Some taxis in Southampton will now be required to have working card machines for customers and drivers will be subject to random drug screening under new rules.

The card machine move applies to hackney carriages in the city after concerns were expressed by the industry.

Members of the city council’s licensing committee heard the requirement would prevent a “minority” of drivers who used the lack of a card machine to refuse short trips.


Councillors approved the changes to the local authority’s rules for taxis, along with adding the previously stand alone policy on taxi cameras into the main policy document.

Phil Bates, licensing service manager, told the committee at a meeting on Wednesday, June 26, that the card machine policy had been successfully trialled within the docks.

He said the request to bring in the change had come from the trade during forum meetings.

Another change means customers paying by card must be able to identify the vehicle, or driver, or registered limited company that took the payment on their bank statements.

A further consultation would be needed to introduce the card machine requirement for private hire vehicles.

On the subject of implementing a drug testing policy, Mr Bates said: “Very rarely, thankfully, we get some information that suggests a driver might be taking some drugs.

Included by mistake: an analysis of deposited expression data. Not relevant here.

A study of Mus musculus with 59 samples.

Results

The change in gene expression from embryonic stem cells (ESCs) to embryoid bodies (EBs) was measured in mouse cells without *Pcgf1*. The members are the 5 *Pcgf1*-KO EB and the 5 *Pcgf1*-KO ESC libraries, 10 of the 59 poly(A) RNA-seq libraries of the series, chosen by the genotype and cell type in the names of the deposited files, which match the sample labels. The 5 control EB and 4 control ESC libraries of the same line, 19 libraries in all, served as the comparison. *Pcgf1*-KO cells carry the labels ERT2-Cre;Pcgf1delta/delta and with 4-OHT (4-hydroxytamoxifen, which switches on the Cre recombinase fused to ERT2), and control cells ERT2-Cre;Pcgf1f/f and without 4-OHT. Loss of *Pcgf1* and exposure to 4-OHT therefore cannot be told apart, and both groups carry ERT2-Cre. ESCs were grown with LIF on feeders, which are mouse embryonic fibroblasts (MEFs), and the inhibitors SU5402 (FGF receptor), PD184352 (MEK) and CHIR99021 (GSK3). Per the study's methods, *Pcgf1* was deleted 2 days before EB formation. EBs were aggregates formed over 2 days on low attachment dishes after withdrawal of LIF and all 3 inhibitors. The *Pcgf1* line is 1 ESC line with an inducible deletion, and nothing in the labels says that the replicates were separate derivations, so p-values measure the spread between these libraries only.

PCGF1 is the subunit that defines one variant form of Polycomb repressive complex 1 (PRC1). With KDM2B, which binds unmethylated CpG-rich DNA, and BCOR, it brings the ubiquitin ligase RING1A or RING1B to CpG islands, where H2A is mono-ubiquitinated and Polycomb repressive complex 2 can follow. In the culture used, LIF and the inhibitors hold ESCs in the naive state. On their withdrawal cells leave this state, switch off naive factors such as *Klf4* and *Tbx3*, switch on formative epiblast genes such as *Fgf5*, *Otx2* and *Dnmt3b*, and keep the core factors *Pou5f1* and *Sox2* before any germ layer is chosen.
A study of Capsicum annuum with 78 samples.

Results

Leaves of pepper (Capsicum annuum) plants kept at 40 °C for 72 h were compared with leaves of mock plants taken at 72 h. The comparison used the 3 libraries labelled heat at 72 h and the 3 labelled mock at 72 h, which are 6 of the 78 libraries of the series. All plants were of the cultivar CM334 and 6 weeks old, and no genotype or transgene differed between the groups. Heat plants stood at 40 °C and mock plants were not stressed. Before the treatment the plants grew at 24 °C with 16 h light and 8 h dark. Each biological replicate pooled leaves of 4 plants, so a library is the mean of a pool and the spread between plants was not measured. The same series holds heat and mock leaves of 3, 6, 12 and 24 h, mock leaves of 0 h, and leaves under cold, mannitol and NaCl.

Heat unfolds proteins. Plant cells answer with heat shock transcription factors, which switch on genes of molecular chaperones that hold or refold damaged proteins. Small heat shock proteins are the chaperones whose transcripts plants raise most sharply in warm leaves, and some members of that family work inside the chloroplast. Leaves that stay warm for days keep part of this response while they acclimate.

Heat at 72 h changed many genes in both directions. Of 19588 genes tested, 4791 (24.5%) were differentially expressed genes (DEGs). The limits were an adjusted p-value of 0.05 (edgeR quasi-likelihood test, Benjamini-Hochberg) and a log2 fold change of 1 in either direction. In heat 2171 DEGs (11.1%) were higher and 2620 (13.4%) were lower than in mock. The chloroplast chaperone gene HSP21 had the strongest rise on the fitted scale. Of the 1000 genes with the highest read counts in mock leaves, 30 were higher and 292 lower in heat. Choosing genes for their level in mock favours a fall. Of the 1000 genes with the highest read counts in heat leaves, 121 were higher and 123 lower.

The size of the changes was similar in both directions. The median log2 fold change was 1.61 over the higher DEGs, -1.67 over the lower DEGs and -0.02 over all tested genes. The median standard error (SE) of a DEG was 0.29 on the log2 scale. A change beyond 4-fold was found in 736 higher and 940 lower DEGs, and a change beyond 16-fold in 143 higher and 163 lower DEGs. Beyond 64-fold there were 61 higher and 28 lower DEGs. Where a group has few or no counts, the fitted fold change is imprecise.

“Without any policy, it makes it very difficult for officers to be able to follow a process that satisfies keeping the officer safe and offers protections for the drivers as well.”

Senior licensing officer Russell Hawkins said they did not think there was a “big problem” but the team was not “sitting on our hands”.

“What we are looking to do is be able to screen and test as we see fit during operations or during periods of time that we see fit,” Mr Hawkins said.

“That won’t be every time a driver comes into us. It won’t be every time a driver renews.

“It may be at random roadside when we are conducting test purchases. It may be when we have got specific intelligence. Those situations will come to us as they arise.”

He told councillors they were not being presented with the specifics of how the licensing team would carry out screening and testing, instead the mechanism of being able to do it as part of the policy.

“It is a job for us to ensure public safety,” Mr Hawkins added. “It is a job for us to ensure the drivers are fit and proper and it’s a safeguard the public should expect us to be aware of and deal with.”

A consultation on the changes saw them all supported by at least 63 per cent of respondents.

The committee also approved a slightly amended style of door sticker for private hire vehicles.

A full switch to the new layout, which has a border line and rounded corners, will be left for the trade to communicate with the council when they believe the old stickers should be replaced.

For the time being, both sticker designs will be permitted.